We’ve talked about this before, and so have all bloggers, cooks, chefs and grandmothers. Don’t throw out the bones! I always followed these instructions when cooking a whole bird but I’ve started to get pretty extreme about it lately.
Last night we had wings for dinner. (I have a lot of random cuts of meat in my freezer from a previous business venture.) It kind of blows my mind that I am eating beautiful pastured chicken in the form of the most classic pub food.
We roasted them in a cast iron pan in the oven, and then tossed them in a blend of soy sauce, ginger, garlic and honey. Threw them back in the oven for another 5 minutes or so and voila.
There are still a fair amount of greens growing in our hoop houses at the farm. For some reason, even though we grow salad all summer long, we only eat salad in the spring, fall and winter. I think we over do it with excitement in the spring, sell most of it in the summer and are craving it again when this time of year rolls around.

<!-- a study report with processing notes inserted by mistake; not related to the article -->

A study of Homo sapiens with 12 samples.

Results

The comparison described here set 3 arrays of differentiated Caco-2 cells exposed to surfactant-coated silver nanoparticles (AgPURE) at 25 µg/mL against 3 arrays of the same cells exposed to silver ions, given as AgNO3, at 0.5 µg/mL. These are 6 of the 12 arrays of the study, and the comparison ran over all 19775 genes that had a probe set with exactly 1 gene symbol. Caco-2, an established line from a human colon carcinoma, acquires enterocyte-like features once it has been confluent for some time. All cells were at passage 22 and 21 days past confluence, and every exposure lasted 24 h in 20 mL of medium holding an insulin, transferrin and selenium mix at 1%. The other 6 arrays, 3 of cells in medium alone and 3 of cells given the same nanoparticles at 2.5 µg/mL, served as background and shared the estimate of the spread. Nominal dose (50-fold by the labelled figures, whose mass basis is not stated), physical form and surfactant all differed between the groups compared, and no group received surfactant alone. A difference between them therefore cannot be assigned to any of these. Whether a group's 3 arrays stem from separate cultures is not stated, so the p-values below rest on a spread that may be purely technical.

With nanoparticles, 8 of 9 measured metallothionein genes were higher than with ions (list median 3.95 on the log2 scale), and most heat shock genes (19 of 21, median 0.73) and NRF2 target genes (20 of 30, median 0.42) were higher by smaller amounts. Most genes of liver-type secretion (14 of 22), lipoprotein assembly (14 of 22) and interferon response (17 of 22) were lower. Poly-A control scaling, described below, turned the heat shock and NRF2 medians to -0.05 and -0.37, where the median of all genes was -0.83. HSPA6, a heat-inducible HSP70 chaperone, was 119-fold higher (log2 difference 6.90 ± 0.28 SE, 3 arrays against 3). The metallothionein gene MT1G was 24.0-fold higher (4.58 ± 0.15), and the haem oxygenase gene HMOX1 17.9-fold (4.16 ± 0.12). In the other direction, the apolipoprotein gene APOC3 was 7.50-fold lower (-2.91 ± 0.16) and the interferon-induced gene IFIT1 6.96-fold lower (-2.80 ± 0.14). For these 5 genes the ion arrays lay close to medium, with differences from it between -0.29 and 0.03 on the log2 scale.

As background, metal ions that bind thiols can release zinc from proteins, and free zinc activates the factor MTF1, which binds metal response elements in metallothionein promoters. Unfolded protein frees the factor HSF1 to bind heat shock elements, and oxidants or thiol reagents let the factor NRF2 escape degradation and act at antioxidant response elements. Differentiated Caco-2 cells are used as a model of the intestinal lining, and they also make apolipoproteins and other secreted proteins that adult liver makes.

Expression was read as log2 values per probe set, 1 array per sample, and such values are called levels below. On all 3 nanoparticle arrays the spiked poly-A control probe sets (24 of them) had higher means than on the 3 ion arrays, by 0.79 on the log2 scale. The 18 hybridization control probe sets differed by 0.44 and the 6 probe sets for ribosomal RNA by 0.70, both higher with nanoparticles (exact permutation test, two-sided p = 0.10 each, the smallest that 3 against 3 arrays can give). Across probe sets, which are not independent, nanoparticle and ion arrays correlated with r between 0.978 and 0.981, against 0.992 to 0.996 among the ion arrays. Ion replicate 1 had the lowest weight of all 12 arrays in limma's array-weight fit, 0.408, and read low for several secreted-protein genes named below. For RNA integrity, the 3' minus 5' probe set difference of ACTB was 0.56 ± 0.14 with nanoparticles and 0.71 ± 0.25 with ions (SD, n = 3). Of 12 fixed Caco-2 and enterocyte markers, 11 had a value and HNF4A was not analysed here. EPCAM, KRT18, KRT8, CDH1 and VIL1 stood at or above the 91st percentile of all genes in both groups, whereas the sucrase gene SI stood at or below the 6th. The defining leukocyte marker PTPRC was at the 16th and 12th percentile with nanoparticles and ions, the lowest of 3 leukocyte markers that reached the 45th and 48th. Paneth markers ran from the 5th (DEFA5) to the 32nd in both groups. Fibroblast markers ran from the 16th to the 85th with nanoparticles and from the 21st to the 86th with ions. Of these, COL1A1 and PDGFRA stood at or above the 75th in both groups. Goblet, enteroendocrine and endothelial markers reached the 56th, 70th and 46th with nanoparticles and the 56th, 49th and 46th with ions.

So wings and salad for dinner. This is where it gets extreme. I kept every single one of those wing bones, threw them in a pot and let them boil for just over 3 hours. Enough time to watch a movie.
The broth now sits in jars in the fridge with a hint of garlic and soy. For lunch I’ll heat it up and then mix in a spoonful of kimchi, throw a piece of sourdough in the toaster, lather on the butter and call it a meal. It’s a super satisfying and easy way to eat some super nourishing food, that before I would have just thrown away.
Photographed above are beef bones from a prime rib, enjoyed for a Christmas meal. There was lots of meat left on the bones, so it ended up being more of a stew than a broth. You can’t lose!